Could Mandatory Caps on Medical Malpractice Damages Harm Consumers?
October 25, 2011
Reform of medical malpractice tort law and the institutions involved must be analyzed carefully -- changes within that field have far-reaching implications and affect the motivations and incentives of interested parties at every level. In discussing potential caps on damages for malpractice lawsuits, advocates emphasize what they see as obvious benefits. Caps will limit exorbitant payouts for frivolous suits and allow health care workers to perform their job comfortably without constant fear of costly litigation. However, the costs of such a proposal are twofold and they undermine the very goals of tort law, says Shirley Svorny, an adjunct scholar at the Cato Institute.
Tort law as a whole and within the medical sector specifically has at its helm two basic objectives.
- First, victims who have suffered an identifiable harm due to negligence should be compensated for their loss.
- The second goal is that by holding the negligent actor responsible for compensation, tort law will have a deterrent effect that will place a comprehensive check on risky behavior within the profession.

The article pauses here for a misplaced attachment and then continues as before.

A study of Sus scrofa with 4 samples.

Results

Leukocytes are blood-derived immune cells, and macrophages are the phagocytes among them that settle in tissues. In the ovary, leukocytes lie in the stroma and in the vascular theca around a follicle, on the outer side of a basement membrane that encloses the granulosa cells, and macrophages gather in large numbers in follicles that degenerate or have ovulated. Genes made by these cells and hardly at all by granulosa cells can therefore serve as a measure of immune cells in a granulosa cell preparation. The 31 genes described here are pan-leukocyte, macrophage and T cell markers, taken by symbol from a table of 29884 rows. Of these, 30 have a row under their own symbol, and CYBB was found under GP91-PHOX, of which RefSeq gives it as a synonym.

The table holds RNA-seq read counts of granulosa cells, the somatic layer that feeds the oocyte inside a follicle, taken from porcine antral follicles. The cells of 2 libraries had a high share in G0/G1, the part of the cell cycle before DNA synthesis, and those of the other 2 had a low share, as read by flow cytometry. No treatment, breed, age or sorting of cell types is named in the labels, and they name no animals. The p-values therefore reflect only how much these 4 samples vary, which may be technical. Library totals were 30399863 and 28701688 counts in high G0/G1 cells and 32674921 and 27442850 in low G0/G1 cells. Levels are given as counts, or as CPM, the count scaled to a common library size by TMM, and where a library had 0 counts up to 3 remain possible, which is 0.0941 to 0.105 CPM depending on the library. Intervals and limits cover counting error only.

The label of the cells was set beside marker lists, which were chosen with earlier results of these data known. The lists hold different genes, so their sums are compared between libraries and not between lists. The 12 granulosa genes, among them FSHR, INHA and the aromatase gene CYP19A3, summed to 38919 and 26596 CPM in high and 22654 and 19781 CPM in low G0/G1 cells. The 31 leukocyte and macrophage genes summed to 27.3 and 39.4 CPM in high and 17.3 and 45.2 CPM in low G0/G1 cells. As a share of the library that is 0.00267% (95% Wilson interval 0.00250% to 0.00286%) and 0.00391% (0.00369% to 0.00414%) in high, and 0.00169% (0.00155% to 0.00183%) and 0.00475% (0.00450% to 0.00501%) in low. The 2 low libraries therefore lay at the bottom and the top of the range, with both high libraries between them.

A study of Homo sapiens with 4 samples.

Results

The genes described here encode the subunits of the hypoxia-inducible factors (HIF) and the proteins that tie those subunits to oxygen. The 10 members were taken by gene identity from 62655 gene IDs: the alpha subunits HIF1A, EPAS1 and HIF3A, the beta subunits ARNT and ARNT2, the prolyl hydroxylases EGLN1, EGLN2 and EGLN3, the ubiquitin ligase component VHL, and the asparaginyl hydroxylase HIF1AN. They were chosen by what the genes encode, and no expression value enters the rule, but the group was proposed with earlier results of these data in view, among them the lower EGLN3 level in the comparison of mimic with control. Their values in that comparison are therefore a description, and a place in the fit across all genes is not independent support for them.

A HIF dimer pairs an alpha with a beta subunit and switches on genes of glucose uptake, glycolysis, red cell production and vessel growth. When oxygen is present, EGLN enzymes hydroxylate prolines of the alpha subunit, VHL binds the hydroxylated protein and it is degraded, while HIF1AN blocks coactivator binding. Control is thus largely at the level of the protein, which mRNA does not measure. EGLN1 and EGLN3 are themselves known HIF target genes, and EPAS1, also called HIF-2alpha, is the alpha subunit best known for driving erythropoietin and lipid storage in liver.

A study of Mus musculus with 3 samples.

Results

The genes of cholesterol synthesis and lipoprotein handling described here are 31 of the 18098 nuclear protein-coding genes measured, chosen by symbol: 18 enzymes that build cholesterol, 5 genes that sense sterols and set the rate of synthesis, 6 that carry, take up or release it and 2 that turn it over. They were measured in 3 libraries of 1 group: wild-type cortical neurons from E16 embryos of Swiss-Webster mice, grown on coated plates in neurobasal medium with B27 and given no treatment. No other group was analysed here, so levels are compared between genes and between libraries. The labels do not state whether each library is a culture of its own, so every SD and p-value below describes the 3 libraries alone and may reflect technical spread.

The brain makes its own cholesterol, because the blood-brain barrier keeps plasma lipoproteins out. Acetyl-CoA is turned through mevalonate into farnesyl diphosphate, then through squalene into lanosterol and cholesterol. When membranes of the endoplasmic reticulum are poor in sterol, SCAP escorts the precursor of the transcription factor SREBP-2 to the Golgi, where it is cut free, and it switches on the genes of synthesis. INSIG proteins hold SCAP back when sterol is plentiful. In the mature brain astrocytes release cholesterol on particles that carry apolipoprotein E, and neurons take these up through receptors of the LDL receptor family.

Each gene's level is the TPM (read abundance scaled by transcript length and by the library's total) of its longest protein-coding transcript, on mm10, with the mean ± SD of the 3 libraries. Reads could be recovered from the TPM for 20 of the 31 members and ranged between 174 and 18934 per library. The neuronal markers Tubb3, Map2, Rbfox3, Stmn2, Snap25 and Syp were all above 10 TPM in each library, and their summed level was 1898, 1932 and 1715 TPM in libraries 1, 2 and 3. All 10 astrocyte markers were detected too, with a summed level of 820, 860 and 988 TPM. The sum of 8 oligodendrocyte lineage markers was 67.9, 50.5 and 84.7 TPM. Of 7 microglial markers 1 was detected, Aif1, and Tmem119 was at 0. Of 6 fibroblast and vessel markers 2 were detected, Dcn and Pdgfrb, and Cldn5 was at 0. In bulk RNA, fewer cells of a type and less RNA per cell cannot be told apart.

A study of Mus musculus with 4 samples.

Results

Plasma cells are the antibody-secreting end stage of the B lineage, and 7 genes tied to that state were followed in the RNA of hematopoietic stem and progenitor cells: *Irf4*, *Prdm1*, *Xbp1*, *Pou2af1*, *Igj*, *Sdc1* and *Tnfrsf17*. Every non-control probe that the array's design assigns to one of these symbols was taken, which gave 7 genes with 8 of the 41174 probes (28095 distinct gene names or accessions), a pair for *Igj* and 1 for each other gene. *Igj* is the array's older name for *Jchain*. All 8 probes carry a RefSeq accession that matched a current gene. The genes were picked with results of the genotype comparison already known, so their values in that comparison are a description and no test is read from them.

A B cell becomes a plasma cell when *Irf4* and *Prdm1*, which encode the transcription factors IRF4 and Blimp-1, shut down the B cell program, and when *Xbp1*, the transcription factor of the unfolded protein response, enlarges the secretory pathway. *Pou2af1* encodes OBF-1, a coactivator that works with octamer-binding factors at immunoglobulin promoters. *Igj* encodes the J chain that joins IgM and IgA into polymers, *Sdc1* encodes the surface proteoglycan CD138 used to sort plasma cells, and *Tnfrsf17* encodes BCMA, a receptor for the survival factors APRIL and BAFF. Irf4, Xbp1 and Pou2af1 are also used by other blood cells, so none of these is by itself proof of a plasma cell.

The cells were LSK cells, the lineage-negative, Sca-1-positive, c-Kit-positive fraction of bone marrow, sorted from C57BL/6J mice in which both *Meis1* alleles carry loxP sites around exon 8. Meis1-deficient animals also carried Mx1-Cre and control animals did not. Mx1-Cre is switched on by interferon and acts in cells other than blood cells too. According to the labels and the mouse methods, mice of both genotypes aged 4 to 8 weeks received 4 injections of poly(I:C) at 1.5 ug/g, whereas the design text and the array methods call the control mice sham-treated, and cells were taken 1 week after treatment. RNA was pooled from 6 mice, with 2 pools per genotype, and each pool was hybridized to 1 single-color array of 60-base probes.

However, the implementation of a cap on damages partially undermines both of these objectives.
- The cap undermines victim compensation because it prevents them from receiving a just allocation for the harm that was done to them.
- Respondents argue that courts, in adjudicating malpractice suits, are inconsistent and arbitrary in rewarding damages.
- However, studies show that there is a strong correlation between financial reward and degree of injury.
A cap also undermines the deterrent effect of tort law.
- First, it reduces the financial incentives of physicians to avoid risky behavior by insulating them from the higher malpractice insurance costs that often accompany frequent lawsuits.
- It also reduces the incentive for malpractice insurance carriers to exercise oversight over their covered physicians and to encourage safe and stable procedures.
- Instead, such a cap reduces risk throughout the malpractice insurance system and leaves physicians free to act autonomously.
Source: Shirley Svorny, "Could Mandatory Caps on Medical Malpractice Damages Harm Consumers?" Cato Institute, Policy Analysis No. 685, October 20, 2011.